Apparently, a flaw in the design of the platform itself caused it to store private files inside Firefox’s browser cache.
The cache is a folder normally reserved for temporary storage of website files. Unfortunately, even after a user logged off of Twitter’s service, the files would remain in the browser cache, often for as long as a week,. This enables anyone with access to that machine to view them.
The files stored in this manner include files received via Direct Messages (DMs) and any downloaded files.
There are two potential points of concern here. First is the fact that if you make regular use of a shared machine and access Twitter from it, then whomever you are sharing the machine with would have easy access to files you assumed to be private.
Second, if malware were to infect the machine you access Twitter from, then the malware may wind up scraping that data and sending it to its controllers’ command and control server. That gives them a copy of information you assumed was private.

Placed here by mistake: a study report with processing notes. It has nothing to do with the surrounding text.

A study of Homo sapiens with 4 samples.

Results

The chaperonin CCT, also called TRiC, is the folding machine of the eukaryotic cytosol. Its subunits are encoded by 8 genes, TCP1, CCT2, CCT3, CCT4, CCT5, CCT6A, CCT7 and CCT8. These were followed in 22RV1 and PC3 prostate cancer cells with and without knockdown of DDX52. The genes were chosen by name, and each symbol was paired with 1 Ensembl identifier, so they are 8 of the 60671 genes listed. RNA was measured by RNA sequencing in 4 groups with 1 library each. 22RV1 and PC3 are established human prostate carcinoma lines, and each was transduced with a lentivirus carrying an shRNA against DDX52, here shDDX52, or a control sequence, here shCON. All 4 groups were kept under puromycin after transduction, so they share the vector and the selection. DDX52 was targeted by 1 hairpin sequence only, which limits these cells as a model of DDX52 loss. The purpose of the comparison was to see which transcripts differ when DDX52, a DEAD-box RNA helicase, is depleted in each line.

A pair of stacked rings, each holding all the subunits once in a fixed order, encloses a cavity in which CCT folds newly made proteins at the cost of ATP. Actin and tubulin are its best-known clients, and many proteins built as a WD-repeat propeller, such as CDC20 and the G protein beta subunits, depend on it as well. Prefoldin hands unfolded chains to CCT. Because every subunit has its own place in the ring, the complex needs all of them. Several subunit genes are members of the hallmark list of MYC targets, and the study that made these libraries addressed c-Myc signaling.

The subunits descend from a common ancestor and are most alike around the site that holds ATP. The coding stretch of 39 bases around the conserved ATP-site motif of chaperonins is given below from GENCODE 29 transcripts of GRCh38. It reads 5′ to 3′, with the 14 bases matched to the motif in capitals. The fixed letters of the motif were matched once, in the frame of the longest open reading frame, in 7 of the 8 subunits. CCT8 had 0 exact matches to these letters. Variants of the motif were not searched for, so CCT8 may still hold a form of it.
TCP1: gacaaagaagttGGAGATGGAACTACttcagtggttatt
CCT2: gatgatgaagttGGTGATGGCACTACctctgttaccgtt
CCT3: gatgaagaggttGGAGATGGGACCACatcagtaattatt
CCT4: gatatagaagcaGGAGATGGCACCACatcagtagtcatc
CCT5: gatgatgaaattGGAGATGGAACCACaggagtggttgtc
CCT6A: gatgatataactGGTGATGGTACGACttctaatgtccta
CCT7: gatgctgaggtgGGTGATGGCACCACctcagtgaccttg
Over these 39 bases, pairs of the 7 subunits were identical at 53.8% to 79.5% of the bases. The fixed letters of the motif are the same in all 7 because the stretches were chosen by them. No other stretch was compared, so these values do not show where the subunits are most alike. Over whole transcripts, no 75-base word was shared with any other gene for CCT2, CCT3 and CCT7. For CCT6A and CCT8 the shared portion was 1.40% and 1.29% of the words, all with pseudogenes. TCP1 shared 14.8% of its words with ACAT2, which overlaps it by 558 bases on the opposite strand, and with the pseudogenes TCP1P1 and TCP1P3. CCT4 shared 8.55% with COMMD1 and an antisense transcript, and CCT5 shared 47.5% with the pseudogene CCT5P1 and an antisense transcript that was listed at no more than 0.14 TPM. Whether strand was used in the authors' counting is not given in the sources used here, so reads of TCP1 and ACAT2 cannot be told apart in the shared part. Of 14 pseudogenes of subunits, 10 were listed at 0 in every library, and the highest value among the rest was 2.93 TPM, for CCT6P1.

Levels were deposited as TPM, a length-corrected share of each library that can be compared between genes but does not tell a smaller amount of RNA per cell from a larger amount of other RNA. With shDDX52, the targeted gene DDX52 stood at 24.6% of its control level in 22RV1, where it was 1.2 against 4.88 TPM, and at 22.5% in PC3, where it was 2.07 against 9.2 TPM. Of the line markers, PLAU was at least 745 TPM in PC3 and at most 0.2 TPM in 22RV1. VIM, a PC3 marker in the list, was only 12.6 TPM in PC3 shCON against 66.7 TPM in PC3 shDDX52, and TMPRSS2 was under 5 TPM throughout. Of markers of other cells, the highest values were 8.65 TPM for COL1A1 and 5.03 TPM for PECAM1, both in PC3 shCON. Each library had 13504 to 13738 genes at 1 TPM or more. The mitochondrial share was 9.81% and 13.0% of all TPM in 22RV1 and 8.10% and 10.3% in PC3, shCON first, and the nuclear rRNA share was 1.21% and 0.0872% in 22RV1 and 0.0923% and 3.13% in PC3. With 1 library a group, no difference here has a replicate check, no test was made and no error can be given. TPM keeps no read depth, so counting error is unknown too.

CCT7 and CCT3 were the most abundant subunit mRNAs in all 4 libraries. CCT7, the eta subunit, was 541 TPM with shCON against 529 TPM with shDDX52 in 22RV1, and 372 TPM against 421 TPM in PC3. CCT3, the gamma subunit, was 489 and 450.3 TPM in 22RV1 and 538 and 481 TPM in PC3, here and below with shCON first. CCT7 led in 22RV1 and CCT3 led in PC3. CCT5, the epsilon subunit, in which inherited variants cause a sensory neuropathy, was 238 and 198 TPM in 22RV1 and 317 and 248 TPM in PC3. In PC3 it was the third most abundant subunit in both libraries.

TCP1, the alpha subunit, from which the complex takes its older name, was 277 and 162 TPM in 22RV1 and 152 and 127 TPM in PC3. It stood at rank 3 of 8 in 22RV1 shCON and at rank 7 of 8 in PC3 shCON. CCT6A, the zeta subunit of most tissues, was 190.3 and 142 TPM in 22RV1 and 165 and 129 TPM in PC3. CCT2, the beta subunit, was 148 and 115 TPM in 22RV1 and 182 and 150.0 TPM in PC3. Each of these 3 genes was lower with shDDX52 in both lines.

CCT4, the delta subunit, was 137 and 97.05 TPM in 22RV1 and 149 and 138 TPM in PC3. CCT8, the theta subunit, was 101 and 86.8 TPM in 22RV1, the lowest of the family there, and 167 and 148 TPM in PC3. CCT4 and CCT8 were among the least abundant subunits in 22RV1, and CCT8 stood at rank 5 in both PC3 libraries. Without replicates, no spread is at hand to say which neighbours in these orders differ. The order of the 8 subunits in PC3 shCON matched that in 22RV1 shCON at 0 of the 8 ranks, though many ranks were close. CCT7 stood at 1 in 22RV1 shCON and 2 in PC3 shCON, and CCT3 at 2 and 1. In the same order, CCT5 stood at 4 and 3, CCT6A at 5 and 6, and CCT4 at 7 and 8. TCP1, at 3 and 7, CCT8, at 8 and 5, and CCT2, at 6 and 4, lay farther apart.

A spokesman for Twitter summarized as follows:
“If you use, or have used a public or shared computer to access Twitter, we encourage you to clear the browser cache before logging out, and to be cautious about the personal information you download on a computer that other people use.”
From inside Firefox, follow these steps to clear your browser cache:
Go to “tools” then “Options.” From there, select “Privacy & Security” and then “Cookie and Site Data.”
Once there, you’ll see an option labeled “Clear Data.” Click that, give the machine a minute, and you’re all set.
Twitter reports that it has fixed now fixed the bug and reiterated that it was not an issue for people who used Chrome or Safari.